Electric school buses have the lowest maintenance costs over its lifetime and low greenhouse gas emissions according to the EPA. | PHOTO BY ADOBE STOCK/THOMAS

NEW CASTLE – For the first time ever, electric school buses will be on the road this summer for two Delaware public school districts. 

The Colonial School District plans to introduce three electric school buses and one propane-powered bus in July. The district will begin installing the electric vehicle, or EV, charging infrastructure at the end of the 2023-2024 school year for the buses.

The district, located in New Castle, received funding for the four buses from the U.S. Environmental Protection Agency’s (EPA) Clean School Bus Rebate Program in October 2022. The $809,000 grant originated from the Bipartisan Infrastructure Law which allocated $1 billion of a five-year, $5 billion funding for the program to schools across the country.

“Investments in the historic Bipartisan Infrastructure Law to modernize our school bus fleets will help us combat climate change and bring down fuel costs for schools, all while ensuring students in Colonial School District and every state across the country ride to class without breathing in harmful pollutants,” U.S. Senator Chris Coons said in a press release.

A portion of the funding, $39,000, has been allocated for the construction of EV charging stations. The district plans to install three 60 kilowatt charging stations, which will be capable of charging the buses in two to three hours.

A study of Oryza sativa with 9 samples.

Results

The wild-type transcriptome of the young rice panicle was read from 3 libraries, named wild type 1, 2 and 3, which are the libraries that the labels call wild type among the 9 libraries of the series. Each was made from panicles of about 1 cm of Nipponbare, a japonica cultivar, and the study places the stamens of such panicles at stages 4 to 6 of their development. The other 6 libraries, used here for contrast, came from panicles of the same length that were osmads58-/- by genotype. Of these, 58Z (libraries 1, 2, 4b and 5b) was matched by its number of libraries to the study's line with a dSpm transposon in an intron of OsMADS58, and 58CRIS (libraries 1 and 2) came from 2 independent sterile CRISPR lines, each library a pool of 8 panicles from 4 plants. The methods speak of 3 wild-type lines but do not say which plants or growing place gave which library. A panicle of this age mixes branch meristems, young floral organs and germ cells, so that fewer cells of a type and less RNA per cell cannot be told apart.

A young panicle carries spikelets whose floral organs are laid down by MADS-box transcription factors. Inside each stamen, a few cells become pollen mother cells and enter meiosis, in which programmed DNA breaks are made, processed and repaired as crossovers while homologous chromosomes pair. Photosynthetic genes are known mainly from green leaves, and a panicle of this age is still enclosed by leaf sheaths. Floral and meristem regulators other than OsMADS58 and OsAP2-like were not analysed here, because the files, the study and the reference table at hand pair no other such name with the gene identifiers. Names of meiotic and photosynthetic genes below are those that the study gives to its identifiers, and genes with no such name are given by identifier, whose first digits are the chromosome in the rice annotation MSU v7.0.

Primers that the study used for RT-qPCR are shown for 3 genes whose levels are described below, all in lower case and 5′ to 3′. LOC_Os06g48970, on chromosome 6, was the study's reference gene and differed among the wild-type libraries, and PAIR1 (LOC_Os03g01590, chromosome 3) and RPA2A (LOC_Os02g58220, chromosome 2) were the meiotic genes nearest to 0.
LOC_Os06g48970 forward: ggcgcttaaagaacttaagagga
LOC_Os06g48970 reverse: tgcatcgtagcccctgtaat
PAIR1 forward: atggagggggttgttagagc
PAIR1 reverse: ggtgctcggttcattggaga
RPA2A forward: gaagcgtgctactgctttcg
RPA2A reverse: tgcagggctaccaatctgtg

The electric buses will be manufactured by Thomas Built Buses and cost $250,000 each, 85% higher than traditional diesel school buses on average. The bus has an operating range of 138 miles per charge, equivalent to 23 miles per gallon, in contrast to the six miles per gallon of fuel for a typical diesel-powered school bus.

According to the EPA, electric school buses have the lowest maintenance costs over its lifetime, low greenhouse gas emissions, zero tailpipe pollution and operate quieter than a diesel school bus. 

The Red Clay Consolidated School District received funding from the Department of Natural Resources and Environmental Control for one electric bus for an undisclosed amount that will also make its debut this summer. 

“Red Clay is proud to be among the first districts in Delaware planning to use an EV school bus for student transportation,” Kelly Shadan, director of transportation, told the Delaware Business Times. “EV school buses improve the air quality for students riding to and from school and they help the environment by reducing harmful emissions.”

The next wave of electric school buses in Delaware will be in 2025. The Electric School Bus Program was enacted last year after Governor John Carney signed House Bill 10 into law, requiring the Department of Education to begin upgrading the current bus fleet with EV and/or other clean energy buses. 

The percentage will increase by 5% each year until 2030, according to the bill which also requires the Department to submit annual reports and a comprehensive report at the end of the program with recommendations for purchases and future measures which could positively impact the environment.

The program requires the clean energy buses to replace older diesel school buses that were manufactured from 2010 or before. Of the current school bus fleet in Delaware, 76% were manufactured in 2016 or later. The fleet also touts over 108 propane buses which operate cleaner than diesel-powered. 

Ultimately, the Department says funding is necessary to implement the program as designed.

“Contingent upon funding, the legislation requires 5% of annual replacements purchased in Fiscal Year 2025 to be electric buses and increasing in future years. If funding is provided, the department will ensure implementation of this bill as intended by the sponsors.” Alison May, public information officer for the Delaware Board of Education, told DBT.